Author of the article: Heather Rivers
Publishing date: Jun 14, 2022 • June 14, 2022 • 2 minute read • Join the conversation
The special education committee of the Thames Valley District school board has rejected a motion to block approval of the board’s $66-million special education plan for 2022-23.
Committee members opposed a sweeping motion Tuesday that raised concerns about the plan’s compliance with provincial regulations, and endorsed the document.
The plan, required of all school boards, details how $66 million will be spent on 11,000 Thames Valley students with special education needs.
Beth Mai, president of the volunteer-led London chapter of the Association for Bright Children of Ontario and member of the board’s special education advisory committee, said she raised the alarm after reviewing the plan as part of a working group.
Mai, who said she advocates for all students with special education needs, said the plan lacks several elements required by Ontario’s Education Ministry.
“Approving that plan is problematic if there are concerns about equity, governance, barriers to access for families, legislation that is not being complied with and how policies and procedures of the board aren’t being reflected,” she said after Tuesday’s committee session.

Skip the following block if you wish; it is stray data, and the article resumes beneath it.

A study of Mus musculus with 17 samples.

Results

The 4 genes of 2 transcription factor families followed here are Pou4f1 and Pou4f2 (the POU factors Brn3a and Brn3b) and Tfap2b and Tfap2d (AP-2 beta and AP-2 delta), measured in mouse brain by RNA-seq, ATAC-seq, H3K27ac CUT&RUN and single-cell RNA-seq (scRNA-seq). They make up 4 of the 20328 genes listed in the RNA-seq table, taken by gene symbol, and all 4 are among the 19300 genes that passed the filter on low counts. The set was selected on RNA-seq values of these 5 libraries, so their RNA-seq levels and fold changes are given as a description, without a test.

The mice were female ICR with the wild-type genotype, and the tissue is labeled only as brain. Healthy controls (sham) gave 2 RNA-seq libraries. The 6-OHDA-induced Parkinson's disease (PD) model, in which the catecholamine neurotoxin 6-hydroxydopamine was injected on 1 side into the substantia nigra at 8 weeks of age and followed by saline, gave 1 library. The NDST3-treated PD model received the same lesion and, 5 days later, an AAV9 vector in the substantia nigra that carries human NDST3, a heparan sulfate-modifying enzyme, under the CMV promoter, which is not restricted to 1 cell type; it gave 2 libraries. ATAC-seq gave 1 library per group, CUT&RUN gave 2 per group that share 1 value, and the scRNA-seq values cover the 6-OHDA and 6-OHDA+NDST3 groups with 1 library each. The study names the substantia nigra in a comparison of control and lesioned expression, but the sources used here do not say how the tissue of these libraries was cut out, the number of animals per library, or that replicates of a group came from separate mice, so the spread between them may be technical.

But Andrew Canham, the board’s student achievement superintendent, said he “was confident (the plan) was compliant.”
“It’s always been an excellent plan,” he said, noting it already has been accepted by the Education Ministry.
“The special education plan has been accepted . . . for the past four years by the Ministry of Education and is compliant with the standards,” Canham said during the committee meeting.
“The plan you have today is, respectfully, an even more fulsome plan and includes additional details that it has not had previously. I truly believe we have a better plan. It is a work in progress, but staff were very comfortable and confident with the plan we have.”
Update June 23: I am an appointed member of one of the organizations advising the board on special education. We just submitted a 70-page report that I spearheaded, detailing issues with Special Education Plan. Clearly, there is disagreement on whether or not the plan is ready to serve the community.
Mai said she was “disappointed” no members of the board’s special education department at the committee meeting asked for more information.
“The committee has a responsibility to alert the board when the document does not meet the needs of students,” she said.
With the committee’s backing, the special education plan goes to Thames Valley trustees for approval June 28.